Stages of Feline Chronic Kidney Disease

Chronic kidney disease is staged depending on the severity. This is estimated based on the level of waste products in the blood and abnormalities in the urine.

The International Renal Interest Society (IRIS) developed a method to gauge the severity of the disease in four stages. Stage 1 is the least severe and Stage 4 is the most severe. Staging the disease is useful for treatment, monitoring and management of the disease.

Early stage kidney insufficiency

As you might guess, once a cat is in stage I of chronic kidney disease (CKD), kidney function is no longer at 100%. It might still be at 99%, but it can drop to as low as 33% (in other words 67% loss of kidney function).

Although there’s a lot you can do for your cat if he or she is in stage I of CKD, you probably won’t even realize that you should because seeing the signs during this time is rare. Tests are usually required to diagnose CKD this early, but testing cats that look healthy is not common practice.

late stage kidney insufficiency

At stage II, cats have about 25% to 32% of kidney function left (in other words up to 75% of kidney function could have been lost already). The kidneys are still able to perform their roles, but the performance is not optimal. They specifically struggle to conserve water and electrolytes such as sodium, potassium and chloride.

Cats in stage II of CKD will typically experience increased thirst and therefore need to drink more water. They will also produce more urine and urinate more frequently. They may even urinate in inappropriate places. A reduction in appetite, weight and energy levels may become apparent in this stage or otherwise in stage III. Once you’ve told your veterinarian about the symptoms, he or she can test creatinine and electrolyte levels as well as blood pressure to confirm or rule out CKD.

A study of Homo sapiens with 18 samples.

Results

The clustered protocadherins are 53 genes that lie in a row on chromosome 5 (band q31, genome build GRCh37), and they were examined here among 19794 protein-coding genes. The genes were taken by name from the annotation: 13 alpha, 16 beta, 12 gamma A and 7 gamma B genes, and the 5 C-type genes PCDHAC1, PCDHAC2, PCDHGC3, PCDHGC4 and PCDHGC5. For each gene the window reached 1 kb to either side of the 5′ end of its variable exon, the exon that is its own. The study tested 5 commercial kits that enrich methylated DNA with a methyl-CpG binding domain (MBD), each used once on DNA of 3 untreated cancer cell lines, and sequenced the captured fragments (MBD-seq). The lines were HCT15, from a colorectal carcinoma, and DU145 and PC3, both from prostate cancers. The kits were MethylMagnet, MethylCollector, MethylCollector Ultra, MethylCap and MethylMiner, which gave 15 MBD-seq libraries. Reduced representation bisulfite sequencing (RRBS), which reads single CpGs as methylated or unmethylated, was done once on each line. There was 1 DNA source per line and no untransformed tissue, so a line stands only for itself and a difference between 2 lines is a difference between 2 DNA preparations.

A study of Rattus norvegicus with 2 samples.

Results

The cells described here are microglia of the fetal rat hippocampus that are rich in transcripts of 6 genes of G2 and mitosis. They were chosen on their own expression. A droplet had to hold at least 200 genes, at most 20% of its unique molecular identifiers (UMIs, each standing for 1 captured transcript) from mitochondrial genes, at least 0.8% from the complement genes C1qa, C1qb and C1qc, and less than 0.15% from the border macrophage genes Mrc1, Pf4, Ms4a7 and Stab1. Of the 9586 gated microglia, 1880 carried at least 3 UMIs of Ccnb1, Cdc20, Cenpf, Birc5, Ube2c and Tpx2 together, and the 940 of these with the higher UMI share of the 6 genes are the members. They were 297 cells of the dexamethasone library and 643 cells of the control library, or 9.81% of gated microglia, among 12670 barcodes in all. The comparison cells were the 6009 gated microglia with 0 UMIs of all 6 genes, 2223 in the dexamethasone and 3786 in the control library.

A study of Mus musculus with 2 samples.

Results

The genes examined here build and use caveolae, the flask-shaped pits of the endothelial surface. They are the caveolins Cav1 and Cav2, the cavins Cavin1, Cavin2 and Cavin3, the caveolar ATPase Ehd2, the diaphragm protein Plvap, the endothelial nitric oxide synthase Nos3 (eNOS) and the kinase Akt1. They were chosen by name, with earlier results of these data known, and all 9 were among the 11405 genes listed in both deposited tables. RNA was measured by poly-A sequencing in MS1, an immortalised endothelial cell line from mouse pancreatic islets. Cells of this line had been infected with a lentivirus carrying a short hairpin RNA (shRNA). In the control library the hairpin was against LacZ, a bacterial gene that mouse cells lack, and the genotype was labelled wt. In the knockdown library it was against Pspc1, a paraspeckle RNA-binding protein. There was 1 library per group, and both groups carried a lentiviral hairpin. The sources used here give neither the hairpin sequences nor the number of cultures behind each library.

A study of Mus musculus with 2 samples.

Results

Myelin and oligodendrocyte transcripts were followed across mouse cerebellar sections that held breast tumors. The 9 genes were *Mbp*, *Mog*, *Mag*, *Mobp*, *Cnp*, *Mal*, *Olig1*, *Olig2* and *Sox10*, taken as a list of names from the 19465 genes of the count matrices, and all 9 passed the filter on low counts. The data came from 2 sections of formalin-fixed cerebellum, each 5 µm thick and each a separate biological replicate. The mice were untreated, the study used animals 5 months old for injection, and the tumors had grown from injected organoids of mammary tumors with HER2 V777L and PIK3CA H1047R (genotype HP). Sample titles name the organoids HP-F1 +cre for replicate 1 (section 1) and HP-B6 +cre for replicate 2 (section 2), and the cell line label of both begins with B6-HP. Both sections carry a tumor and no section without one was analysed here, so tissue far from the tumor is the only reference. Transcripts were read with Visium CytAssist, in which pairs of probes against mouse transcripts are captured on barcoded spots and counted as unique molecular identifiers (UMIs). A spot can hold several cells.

Early kidney failure

During stage III, cats can lose up to 85% of kidney function. Now, the dangers are very real and without proper treatment the inevitable will happen much sooner. The same tests that can help diagnose CKD in stage II can be used once more and by now the creatinine and electrolyte levels will be even more alarming.

The same signs that may have already surfaced in stage II may become more severe, but other things can start to happen as well. In stage III, a cat’s coat may seem worse for wear. Bladder infections, nausea and vomiting are also not uncommon.

If a treatment plan has not already been designed and implemented, it should be prioritized immediately.

end stage kidney failure

The amount of protein passed in urine and the presence of elevated blood pressure are also factored into the staging process. 

Symptoms in a cat with stage IV CKD cannot be missed. More than 85% of kidney function has been lost and the irreversible damage is at its peak. Cats that have reached stage IV don’t have much longer to live, perhaps not even a year.

By now, additional symptoms can include dark urine, diarrhea, bloating, lethargy, mouth sores, bad breath and anemia. Quality of life has greatly declined in stage IV.

Managing the disease may not be as effective anymore and supportive treatment may not be enough. You need to make a decision about your cat’s condition and how long he or she can endure it.